Vacation is a lovely thing. You pack, you go visit a far away place (this time, my stateside hometown) and when you come back you're theoretically refreshed and ready to face the demands of real life and blogging again.
Unless, of course, while you were gone the entire roach population of Korea decided to shack up at your place.
I got back the other night to find that while I had won the battle, the Great Roach War was still underway. The 장마 had once again made mi casa their casa, and they weren't going to give up their new real estate without a fight. The final death toll isn't in yet, but it's likely to be high. Unwilling to let it drag on, I took the moral low ground and launched my bio-weapons. Chemical warfare ensued. I am guilty of genocide, and I don't feel bad about it at all.
The downside is that getting happy with the roach spray has turned my apartment into a chemical death zone. I'm not sure any creature, myself included, can live long in this toxic environment. I sprayed just about every nook and cranny in the place. I'm going to have to do about four loads of laundry to detox my luggage - unfortunately one of the bastards decided to use my not-yet-unpacked suitcase for cover, but he underestimated my own ruthless nature.
A possibly innocent victim in all of this was the strange, cricket-like creature huddling in terror behind my washer, but he looked like the enemy from afar. Collateral damage happens in these sad times. Besides, I'm not too fond of crickets, either.*
I'm still mulling the gecko solution, but it'll be a few days before my apartment is anywhere near habitable by carbon-based life forms again.
I feel bad. I had so wanted to come back from vacation with some wonderful and intellectual posting about social issues and politics and art and everything. I mean, The Grand Narrative put me on his blogroll, and I feel like I need to do something to be worthy of that. But no, my poor jet-lagged mind is stuck on germ warfare against insects.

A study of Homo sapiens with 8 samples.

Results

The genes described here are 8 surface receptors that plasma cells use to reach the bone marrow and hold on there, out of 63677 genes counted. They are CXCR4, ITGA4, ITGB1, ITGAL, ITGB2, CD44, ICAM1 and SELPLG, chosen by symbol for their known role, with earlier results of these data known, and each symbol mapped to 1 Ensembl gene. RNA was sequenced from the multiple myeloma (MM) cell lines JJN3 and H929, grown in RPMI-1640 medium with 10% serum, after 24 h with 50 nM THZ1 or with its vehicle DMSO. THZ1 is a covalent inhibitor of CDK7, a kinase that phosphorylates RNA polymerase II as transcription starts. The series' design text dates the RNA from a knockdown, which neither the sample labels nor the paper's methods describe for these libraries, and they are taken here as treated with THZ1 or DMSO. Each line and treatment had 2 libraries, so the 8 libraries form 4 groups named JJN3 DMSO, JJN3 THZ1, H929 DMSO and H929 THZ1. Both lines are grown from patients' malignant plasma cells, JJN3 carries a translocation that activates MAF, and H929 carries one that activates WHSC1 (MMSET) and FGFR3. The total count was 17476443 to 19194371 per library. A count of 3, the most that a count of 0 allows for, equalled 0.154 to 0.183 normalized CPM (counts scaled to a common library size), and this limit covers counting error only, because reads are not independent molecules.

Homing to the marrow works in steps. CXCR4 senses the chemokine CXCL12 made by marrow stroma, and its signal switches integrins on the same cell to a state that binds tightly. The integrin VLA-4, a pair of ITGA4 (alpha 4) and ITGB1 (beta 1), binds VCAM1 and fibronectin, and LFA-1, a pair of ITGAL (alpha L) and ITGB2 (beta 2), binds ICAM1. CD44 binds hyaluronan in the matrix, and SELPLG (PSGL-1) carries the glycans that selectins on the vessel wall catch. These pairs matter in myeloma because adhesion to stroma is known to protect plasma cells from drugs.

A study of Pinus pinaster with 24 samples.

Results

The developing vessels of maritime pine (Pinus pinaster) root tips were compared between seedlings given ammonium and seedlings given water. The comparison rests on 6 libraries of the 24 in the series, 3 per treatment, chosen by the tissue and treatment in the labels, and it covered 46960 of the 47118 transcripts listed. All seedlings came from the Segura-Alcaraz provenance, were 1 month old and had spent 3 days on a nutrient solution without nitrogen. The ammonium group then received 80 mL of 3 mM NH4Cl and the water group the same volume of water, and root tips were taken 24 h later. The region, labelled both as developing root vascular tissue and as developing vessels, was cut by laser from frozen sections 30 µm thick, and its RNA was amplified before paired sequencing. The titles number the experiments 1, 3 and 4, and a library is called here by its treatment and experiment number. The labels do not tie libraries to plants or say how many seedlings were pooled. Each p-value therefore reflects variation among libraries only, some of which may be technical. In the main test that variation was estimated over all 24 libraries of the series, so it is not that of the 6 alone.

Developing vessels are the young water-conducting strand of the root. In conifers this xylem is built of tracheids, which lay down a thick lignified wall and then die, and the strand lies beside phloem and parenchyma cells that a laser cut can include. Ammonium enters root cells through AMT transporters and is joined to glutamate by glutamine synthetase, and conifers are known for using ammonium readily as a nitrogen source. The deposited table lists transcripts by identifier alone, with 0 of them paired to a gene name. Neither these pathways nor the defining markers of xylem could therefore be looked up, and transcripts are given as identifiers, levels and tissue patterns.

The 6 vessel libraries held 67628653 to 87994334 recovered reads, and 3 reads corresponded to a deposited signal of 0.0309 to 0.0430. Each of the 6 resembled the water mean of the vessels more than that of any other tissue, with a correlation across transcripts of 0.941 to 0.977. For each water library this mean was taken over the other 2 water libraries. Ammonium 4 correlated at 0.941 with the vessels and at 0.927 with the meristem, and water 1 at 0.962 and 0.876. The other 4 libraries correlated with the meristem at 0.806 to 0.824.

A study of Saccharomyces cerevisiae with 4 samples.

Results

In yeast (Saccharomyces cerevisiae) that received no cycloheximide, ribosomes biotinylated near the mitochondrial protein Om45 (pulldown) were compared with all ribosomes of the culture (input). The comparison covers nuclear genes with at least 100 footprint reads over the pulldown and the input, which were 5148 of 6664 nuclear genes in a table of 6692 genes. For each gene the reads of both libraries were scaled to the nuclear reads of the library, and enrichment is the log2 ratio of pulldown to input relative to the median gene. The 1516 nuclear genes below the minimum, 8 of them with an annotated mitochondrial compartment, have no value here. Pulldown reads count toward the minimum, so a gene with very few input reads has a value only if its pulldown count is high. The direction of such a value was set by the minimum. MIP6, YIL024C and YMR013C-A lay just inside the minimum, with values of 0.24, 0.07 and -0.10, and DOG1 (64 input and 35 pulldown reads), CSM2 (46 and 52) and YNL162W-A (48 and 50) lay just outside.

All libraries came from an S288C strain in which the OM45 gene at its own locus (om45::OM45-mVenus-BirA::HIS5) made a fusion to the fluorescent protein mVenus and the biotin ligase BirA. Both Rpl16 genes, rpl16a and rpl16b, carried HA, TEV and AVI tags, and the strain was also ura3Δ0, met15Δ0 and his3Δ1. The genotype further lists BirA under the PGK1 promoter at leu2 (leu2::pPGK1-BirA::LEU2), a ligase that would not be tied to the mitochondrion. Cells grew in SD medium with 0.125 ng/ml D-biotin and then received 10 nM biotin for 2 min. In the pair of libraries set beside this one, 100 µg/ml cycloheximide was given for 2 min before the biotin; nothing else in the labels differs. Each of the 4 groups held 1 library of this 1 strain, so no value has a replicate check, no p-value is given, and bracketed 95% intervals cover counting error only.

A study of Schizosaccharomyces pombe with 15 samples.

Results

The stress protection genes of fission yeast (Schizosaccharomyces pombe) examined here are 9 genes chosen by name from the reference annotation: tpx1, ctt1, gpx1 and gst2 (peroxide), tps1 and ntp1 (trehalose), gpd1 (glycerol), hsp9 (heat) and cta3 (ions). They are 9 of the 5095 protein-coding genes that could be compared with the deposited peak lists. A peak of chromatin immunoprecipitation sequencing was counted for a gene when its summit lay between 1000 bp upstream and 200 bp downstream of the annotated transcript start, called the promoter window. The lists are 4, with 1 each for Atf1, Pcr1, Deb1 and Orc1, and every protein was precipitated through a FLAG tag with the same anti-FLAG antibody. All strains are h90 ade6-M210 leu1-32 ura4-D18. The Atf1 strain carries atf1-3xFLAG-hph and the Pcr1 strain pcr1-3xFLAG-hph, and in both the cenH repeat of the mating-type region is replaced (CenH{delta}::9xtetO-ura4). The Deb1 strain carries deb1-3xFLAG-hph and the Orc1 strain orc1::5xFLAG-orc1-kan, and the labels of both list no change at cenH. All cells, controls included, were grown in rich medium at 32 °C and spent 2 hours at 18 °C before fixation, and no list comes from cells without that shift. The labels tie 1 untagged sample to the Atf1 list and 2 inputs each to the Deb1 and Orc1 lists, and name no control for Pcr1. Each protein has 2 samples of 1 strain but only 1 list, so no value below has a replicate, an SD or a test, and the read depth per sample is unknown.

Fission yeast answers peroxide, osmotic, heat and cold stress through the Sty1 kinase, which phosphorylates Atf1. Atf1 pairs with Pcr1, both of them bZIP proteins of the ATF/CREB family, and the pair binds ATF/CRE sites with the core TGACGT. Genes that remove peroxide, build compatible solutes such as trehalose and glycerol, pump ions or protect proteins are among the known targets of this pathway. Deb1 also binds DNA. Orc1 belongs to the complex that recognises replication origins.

*This other notable exception to my generally accepting attitude towards the creepy-crawlies of the animal kingdom stems from an unfortunate incident during my childhood. I had a pet skink that needed to be fed live crickets. I bought about 100 crickets at a time and kept them in a small wire cage. Since the cage was small, it was easier to bring the crickets to the skink and dump a few directly into the aquarium than try to fish one out. Unfortunately, one night I wasn't very careful, and sat the flimsy wire cage on the edge of my desk. Of course I then bumped the desk and sent the cage crashing to the floor, springing the cage door open and releasing a hundred freshly bought crickets into the freedom of my bedroom. You don't know torture until you've tried to scramble around scooping up live crickets out of shag carpet. I never did catch them all, and there was chirping in my room for weeks after.